QUECREEK, Pa. - Nine miners remained trapped last night along a narrow seam of coal as rescue workers sought to drill through about 250 feet of solid rock to save them from millions of gallons of water rushing in from an adjacent and long-abandoned mine.
State officials said they believe one or more of the men, trapped since about 9 p.m. Wednesday, were alive as of yesterday, because rescue workers who drilled a 6-inch-wide hole and inserted an air pipe down to the miners tapped on it several times and received the same number of taps from below.
But even if the miners have survived the onslaught of coursing water - neck-high according to nine co-workers who managed to wade to safety - they still face a potentially deadly threat: hypothermia. Air and water temperatures in the mine are about 50 to 60 degrees, which, particularly if the men are soaking wet, would make survival difficult after several hours, a medical official said.
Last night, in this traditional mining area about 55 miles southeast of Pittsburgh, rescue workers began drilling a 3-foot-wide hole through which they hope to pull the men out. But it could take at least until late morning today to drill down to the men, who were believed to be huddled in a pitch-black chamber no more than 5 feet high.
"It's probably wet, cold and dark," said a grim Joseph Sbaffoni, a state mine safety official. "Their cap lights are probably out.
"Coal miners are a special breed," he said. "If anyone can get through it, a coal miner can."
Crews spent much of yesterday working furiously to pump water out of the mine, the spewing geysers the most visible sign above ground of the perils deep below. Officials said they believe they've created an air pocket for the trapped miners and are using sensitive seismic equipment to detect signs of life.
Meanwhile, an air of desperation seemed to shroud the area as thickly as the fog that cloaks this mountainous region. Many here know the trapped miners - or if not, they know the dangers of the work because their fathers and grandfathers have also done their time in one mine or another over the years.
"I buried an awful lot of my family, I buried an awful lot of her family," said Stephen Walker as he and his wife, Christian, watched the rescue efforts from a nearby hill. "They all worked in the mines."
Christian Walker's cousin is one of the trapped miners, but she declined to give his name. State and local officials similarly have refused to identify the miners, and have kept their immediate relatives, about 150 of them, sequestered in a nearby firehouse. Some were brought to the mine yesterday so they could see what crews were doing to rescue the men.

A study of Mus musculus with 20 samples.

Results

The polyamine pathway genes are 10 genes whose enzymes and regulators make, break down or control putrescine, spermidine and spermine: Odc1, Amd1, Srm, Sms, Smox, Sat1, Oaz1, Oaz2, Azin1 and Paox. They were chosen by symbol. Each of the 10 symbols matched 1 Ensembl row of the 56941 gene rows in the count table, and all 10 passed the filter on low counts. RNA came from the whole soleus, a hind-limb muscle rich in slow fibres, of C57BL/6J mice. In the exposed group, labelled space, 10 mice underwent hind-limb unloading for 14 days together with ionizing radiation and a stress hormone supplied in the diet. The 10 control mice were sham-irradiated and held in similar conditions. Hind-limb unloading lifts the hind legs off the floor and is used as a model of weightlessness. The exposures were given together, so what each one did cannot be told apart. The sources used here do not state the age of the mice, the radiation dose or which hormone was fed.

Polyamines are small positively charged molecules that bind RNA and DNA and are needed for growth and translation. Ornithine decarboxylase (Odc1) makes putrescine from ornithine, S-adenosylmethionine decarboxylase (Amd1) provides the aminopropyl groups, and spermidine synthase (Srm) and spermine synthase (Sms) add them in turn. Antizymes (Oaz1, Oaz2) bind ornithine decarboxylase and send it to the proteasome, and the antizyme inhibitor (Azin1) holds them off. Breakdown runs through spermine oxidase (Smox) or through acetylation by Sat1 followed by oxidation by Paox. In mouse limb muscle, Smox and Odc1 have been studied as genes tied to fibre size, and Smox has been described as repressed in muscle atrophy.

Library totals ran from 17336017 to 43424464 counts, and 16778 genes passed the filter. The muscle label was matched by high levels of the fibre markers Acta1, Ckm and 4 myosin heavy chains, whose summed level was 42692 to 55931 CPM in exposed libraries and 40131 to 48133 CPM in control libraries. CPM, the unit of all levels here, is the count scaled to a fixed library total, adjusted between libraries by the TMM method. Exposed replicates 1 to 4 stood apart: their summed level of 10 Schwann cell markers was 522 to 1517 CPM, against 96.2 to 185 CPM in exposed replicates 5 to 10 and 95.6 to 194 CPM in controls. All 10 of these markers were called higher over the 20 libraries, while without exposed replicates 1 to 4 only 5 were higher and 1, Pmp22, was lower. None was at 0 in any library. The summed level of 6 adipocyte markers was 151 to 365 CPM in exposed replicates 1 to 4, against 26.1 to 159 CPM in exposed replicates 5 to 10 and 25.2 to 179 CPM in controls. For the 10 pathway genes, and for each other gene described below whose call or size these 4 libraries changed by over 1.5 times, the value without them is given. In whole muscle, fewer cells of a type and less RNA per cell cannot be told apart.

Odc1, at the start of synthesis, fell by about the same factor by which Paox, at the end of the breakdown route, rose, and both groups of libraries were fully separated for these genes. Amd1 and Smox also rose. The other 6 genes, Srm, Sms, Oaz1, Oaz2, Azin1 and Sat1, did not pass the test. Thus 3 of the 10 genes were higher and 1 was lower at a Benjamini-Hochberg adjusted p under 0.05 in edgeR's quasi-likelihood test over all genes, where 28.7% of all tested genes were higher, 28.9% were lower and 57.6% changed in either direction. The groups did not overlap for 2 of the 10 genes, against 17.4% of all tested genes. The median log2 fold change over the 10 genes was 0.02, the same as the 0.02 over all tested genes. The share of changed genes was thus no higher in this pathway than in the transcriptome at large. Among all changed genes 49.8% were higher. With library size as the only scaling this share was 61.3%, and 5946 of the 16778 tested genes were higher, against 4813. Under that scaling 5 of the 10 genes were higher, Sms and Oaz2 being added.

In areas such as this, people are accustomed to the slower ways that the mines have killed miners - the emphysema, cancer, black lung disease and the like that have killed the Walkers' relatives over the years. Then there are the maimings - the arm cut off by machinery, the head injuries from falling chunks of coal.
It's why, Stephen Walker said, his grandfather forbade him from following him into the shafts as previous men of his family have done, and he instead became a carpenter.
Still, when this particular site, which was being mined by the Black Wolf Coal Co. of Friedens, Pa., began operations - it received a permit in 1999 - workers once again hired on.
"You have to weigh the danger of crawling around in a 3-foot space, and feeding your family and paying the mortgage," Christian Walker said. "You have to make your choice."
She could only shake her head as she added, "He's got a wife and two kids."
Warning saves nine
The trapped men were among 18 who entered the mine on Wednesday. They were shuttled about a mile into the mine and split into two groups working in separate areas. One group saw water flooding in and radioed the other men a warning. That ultimately saved the lives of the second group. They were able to wade through the rising waters and out of the mine, but their co-workers became trapped.
The workers apparently breached a wall separating their mine from the abandoned Saxman mine which, since its closing in the early 1960s, had filled up with an estimated 50 million gallons of water. Emergency officials were alerted to the mine accident late Wednesday and have been working to free the miners since then.
Rescue comes first
David Hess, secretary of the Pennsylvania Department of Environmental Protection, said state law requires that new mines be separated from abandoned ones by at least 200 feet of solid rock. Surveys and maps indicated that there was sufficient separation between the two mines, and the state in 1999 approved a permit allowing the new mining operation. Hess said officials plan to investigate the discrepancy.
The immediate goal was to rescue the trapped miners.